Tuesday, August 23, 2011


(Oddly enough, a few days after I originally wrote this, I saw this post on Dangerous Crayon on my Google Reader. I had no idea it was national s'mores day on the 10th, and I was surprised that we happened to use the same recipe and had such different opinions of the outcome.)
My sister Margs and I love s’mores.  I mean we don’t reserve them for special campfire moments, we will make them over the gas range, or in a pinch we’ll make them in the microwave.  We have been known to make them with fudge frosting when the chocolate bars run out, that’s how much we love s’mores.  So now that we can make our own graham crackers, the next logical step was to give marshmallows a try, right?
I did a fair amount of searching for a recipe.  There are a few ways to go on this one- your standard gelatin and corn syrup variety, corn free, gelatin free, and corn and gelatin free.  I thought for my first attempt, I’d go the conventional route with the gross gelatin and corn syrup.  I found a decent recipe from Alton Brown on the food network website. We made a half batch.
 1 ½ packets unflavored gelatin ($1.79 per 4 packets, 1.5 x $.45 per packet = $.67)
½ cup ice cold water, divided (free)
6 ounces granulated sugar, approximately ¾ cup ($2.99 per 5 lb, or $.598 per lb, $.598 x .375 lb = $.22)
½ cup light corn syrup ($2.99 per 16 oz, $2.99/4 = $.75)
1/8 teaspoon kosher salt  ($2.75 per 48 oz, $2.75/ 2266 1/8 tsp servings = less than $.01)
½ teaspoon vanilla extract  ($3.77 per 2oz, $3.77/24 ½ tsp servings = $.16)
2 Tbsp confectioners' sugar  ($1.47 per 32oz, $1.47/ 60 2 Tbsp servings = $.02)
2 Tbsp cornstarch ($1.17 per 16 oz, rough estimate = $.04)
Marshmallow is a sticky mess!
Well, I had a few issues with these.  My biggest problem was the distinctly barnyard smell to the mixing mallow.  I know what gelatin is, but I didn’t expect my confection to smell like hooves (which I guess is silly of me).  I also added the recommended amount of vanilla, and they were way too vanillay.   Lastly, I thought they were too soft tasting them alone. 

In the end, we ended up toasting the marshmallows over a candle flame in the middle of a power outage.  I expected them to fall apart and taste terrible, but toasted, the vanilla flavor was tempered a bit, and the soft texture actually worked well in a s’more, especially one that was toasted on a fork over a candle! We also used our homemade graham crackers for this, which was very tasty, though it was very messy, just as I had speculated in the graham cracker post.  So messy, in fact, that we had to eat them over the sink!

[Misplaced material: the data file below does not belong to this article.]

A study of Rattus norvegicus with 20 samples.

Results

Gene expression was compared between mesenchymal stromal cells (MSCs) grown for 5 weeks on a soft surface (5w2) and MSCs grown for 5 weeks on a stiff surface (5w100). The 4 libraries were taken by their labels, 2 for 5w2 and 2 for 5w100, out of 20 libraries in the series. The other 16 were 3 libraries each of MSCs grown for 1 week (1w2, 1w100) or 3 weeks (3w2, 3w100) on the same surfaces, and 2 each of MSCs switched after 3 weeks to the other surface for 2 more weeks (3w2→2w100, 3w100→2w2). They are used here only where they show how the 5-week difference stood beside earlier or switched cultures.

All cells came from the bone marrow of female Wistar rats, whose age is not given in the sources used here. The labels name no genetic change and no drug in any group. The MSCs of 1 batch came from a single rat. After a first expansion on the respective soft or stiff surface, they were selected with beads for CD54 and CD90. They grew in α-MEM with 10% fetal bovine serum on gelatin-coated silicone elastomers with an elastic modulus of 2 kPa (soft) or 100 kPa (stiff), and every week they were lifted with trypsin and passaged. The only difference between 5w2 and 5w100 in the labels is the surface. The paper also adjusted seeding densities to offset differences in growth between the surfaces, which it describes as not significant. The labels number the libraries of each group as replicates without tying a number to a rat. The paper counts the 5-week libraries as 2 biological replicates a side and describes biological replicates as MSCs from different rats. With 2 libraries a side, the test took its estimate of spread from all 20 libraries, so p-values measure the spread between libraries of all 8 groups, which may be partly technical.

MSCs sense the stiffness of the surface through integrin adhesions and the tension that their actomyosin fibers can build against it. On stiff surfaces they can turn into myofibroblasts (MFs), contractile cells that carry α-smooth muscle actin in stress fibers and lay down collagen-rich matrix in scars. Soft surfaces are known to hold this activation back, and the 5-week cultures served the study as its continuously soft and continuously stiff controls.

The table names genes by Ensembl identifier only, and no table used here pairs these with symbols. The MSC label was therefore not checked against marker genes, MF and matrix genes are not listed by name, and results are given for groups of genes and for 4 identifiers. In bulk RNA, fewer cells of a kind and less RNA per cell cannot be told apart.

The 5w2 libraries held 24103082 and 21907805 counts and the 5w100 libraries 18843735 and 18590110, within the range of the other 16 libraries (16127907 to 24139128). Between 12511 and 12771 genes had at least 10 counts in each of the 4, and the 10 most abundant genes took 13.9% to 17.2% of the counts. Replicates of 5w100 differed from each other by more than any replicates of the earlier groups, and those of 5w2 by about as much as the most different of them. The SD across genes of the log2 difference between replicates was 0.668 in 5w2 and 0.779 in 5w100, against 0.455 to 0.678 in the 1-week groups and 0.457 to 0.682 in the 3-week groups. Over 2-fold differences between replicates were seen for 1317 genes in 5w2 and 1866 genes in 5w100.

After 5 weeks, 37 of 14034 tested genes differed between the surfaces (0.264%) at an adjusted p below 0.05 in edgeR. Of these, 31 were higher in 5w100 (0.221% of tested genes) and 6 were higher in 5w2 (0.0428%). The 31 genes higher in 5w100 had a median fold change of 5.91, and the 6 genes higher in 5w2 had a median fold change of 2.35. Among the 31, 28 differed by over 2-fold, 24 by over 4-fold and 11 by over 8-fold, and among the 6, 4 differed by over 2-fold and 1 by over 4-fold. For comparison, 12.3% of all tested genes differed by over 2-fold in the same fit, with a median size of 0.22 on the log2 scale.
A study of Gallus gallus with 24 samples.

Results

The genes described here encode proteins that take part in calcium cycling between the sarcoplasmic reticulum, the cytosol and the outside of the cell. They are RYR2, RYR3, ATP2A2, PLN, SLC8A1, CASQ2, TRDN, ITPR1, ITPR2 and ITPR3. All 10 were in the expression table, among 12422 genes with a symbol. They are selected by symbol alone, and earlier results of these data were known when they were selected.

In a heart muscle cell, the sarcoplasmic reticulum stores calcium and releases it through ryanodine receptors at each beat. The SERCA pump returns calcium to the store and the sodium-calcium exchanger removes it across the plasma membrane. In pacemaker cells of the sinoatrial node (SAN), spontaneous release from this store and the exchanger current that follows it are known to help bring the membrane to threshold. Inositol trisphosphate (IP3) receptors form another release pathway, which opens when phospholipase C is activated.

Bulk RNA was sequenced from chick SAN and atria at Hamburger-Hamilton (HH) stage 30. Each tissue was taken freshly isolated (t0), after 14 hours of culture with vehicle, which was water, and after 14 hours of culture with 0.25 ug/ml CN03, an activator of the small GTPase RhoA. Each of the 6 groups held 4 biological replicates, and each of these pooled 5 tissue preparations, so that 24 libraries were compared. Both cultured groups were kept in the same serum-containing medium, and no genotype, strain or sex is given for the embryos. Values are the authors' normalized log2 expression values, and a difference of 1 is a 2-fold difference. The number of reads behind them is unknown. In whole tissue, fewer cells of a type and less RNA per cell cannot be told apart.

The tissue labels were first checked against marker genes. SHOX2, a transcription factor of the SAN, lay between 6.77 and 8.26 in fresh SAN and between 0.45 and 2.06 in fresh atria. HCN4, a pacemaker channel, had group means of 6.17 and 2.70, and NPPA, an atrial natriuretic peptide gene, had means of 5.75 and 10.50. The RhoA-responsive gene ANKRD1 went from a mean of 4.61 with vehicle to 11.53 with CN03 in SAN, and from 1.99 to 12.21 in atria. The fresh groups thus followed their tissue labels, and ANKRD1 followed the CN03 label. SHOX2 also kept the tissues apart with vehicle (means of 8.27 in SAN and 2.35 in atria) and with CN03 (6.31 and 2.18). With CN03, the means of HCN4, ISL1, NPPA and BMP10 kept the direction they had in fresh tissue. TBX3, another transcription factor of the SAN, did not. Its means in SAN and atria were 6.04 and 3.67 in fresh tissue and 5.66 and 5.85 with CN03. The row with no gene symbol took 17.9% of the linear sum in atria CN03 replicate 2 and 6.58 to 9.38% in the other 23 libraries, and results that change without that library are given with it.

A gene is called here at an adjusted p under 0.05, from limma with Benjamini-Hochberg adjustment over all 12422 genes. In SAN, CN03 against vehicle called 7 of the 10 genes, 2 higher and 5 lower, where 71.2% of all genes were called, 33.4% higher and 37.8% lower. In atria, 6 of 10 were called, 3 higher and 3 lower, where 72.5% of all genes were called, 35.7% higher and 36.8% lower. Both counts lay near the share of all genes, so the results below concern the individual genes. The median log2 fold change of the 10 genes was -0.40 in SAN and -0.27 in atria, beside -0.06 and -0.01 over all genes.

Finished, ready for cutting
Honestly, I thought they were a pain in the bottom, and weren’t that great.  I’ll try out a gelatin free recipe and see if I feel the same.
Gross shot of the gelatin awaiting the sugar mixture.  Gross!
Try It:
$1.86 for a half batch, 12 oz, or $.16/oz
Buy It:
$.97 per 10 oz, or $.09/oz
Eew.  Just Buy It.  The homemade are twice the price and not good. 

Anyone have a recipe for marshmallows they love?  Please let me know, I'm still looking!


  1. Well, I liked them. I still don't think it's worth making though, since marshmallows are the type of thing you buy on a whim, but I think they were tasty. Also, I put them in hot chocolate and it was great, except it never dissolved, so it was still sitting at the bottom of my mug at the end, which is just strange.

  2. Although I liked the final outcome of my marshmallows, I was also skeptical of the smell while they were being made. I thought they smelled weird, and not at all like I thought a marshmallow should smell. I even thought the taste was a little odd (the whipped stuff prior to letting it set up) but that could also be because it turned out I caught I stomach bug my niece brought over to my house...

    Anyway - Once they were done, and I was recovered, I liked the taste well enough. They are time consuming to make, which might explain why I haven't made more. Totally not worth making if you don't have an interest in avoiding certain ingredients found in store bought marshmallows.